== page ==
Escape the system? Change it!
By Gina Knight
Some environment activists argue that "living green" is the most important step towards saving the environment. But can individual lifestyle choices reverse the destruction of the planet's ecology?
Many believe that if we minimise our personal impact on the environment, others will adopt similar lifestyles. If everybody "lives green" by consuming less, recycling, buying organic products and growing their own food, we will reduce environmental destruction.
Sadly, we don't all have the time to grow our own food, and buying organic produce is often expensive. Not everybody — especially poor students and low-paid workers — can afford to pay $5 for a dozen free-range eggs. Not to mention how expensive it is to convert your house to solar power.
Some environmentalists try to escape the system completely, living in villages and communes. These alternative lifestyles are options only for a few and can't save the environment.
We need to address the underlying cause of environmental destruction — the profit-driven capitalist system. Capitalism creates a craving for the unnecessary consumer products we are told will make us happy. What impact can personal consumer choices have against a multibillion-dollar advertising industry that thrives on creating irrational wants that have nothing to do with our real needs?
Organic gardens and buying "green" products will not disarm the imperialist war machine of weapons that could wipe out humanity. It can't stop the US waging war on countries that won't play "house rules" in the global market game. It can't stop the exploitation of the Third World by giant corporations like Nike. It will not stop ERA mining uranium at Jabiluka, nor stop Bunnings and North Ltd from raping our old-growth forests.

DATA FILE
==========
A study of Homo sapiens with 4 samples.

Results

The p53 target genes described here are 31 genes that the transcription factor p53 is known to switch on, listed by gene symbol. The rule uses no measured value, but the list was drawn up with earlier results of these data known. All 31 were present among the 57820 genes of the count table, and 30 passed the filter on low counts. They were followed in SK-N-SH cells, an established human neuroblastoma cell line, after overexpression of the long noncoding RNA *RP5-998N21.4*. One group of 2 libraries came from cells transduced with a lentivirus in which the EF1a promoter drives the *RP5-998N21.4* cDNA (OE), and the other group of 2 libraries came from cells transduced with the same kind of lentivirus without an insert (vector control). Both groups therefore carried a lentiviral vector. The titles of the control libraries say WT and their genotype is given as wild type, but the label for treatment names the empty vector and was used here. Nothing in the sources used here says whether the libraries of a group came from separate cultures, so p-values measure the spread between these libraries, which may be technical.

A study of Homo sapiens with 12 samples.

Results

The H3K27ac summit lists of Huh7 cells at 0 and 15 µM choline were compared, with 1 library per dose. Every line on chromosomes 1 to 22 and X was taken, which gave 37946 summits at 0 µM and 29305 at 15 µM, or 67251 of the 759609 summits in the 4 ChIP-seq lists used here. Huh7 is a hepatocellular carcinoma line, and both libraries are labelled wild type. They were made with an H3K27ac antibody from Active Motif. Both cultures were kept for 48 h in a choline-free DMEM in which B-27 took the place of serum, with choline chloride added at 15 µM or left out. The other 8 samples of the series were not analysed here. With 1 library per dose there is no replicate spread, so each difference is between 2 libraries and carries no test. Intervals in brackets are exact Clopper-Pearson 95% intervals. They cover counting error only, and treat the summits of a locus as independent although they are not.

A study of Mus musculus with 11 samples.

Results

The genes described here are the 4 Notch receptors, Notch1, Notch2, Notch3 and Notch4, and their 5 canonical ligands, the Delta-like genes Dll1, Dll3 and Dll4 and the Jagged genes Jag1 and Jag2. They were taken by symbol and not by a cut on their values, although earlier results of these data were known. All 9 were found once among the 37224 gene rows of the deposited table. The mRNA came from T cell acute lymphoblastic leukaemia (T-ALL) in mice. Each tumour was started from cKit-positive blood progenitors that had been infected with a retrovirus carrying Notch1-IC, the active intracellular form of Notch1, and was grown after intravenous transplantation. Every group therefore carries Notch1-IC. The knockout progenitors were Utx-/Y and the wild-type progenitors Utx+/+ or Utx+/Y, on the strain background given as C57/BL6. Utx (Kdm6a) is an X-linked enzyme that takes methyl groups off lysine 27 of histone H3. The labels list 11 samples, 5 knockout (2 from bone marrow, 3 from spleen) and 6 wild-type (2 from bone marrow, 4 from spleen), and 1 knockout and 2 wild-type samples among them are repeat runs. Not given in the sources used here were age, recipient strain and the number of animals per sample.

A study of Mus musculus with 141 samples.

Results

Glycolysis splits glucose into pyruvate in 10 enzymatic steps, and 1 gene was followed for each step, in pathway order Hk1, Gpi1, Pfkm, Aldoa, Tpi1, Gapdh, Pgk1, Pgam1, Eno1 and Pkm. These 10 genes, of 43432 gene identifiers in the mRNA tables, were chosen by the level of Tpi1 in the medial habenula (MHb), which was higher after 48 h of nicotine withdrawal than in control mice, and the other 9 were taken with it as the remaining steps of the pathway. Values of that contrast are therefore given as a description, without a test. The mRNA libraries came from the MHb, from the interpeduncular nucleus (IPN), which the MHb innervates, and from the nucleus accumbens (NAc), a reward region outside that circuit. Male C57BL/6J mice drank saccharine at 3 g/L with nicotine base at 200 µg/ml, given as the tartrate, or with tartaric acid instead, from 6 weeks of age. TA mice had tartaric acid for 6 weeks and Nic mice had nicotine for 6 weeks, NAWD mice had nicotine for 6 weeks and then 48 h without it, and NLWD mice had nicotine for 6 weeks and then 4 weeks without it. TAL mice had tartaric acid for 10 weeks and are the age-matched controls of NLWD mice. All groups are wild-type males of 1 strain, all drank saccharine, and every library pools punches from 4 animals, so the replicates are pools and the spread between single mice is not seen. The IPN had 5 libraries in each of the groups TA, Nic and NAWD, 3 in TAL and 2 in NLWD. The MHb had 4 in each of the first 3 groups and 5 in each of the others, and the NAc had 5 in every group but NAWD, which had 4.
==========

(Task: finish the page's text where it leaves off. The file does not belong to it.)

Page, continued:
It is easy to become frustrated and pessimistic about the ability of ordinary people to mobilise to challenge the power of the ruling class. It is tempting to think that the only thing that can be done is to throw yourself into the path of a bulldozer.
But desperate individual acts of heroism simply leave "politics" to professional lobbyists and capitalist politicians. We cannot afford to do this. No amount of lobbying can challenge the enormous pressure politicians are under from large corporations which rule society. We must take decision-making out of boardrooms and parliament and into the streets.
We need to develop a campaign strategy similar to the 1983 movement that stopped the damming of the Franklin River in south-west Tasmania. All around Australia, tens of thousands of people participated in enormous street rallies, campaign stalls, pickets and public meetings.
Unleashing the creative power of ordinary people in a mass, sustained movement is the only effective way to stop environment destruction.
It is impossible to escape the system. The only realistic option is to change it from top to bottom. Only when the economy is controlled by society as a whole, and organised to satisfy genuine needs rather than the private enrichment of those who own the corporations, can we seriously address the huge problems confronting us. This will require nothing short of revolution.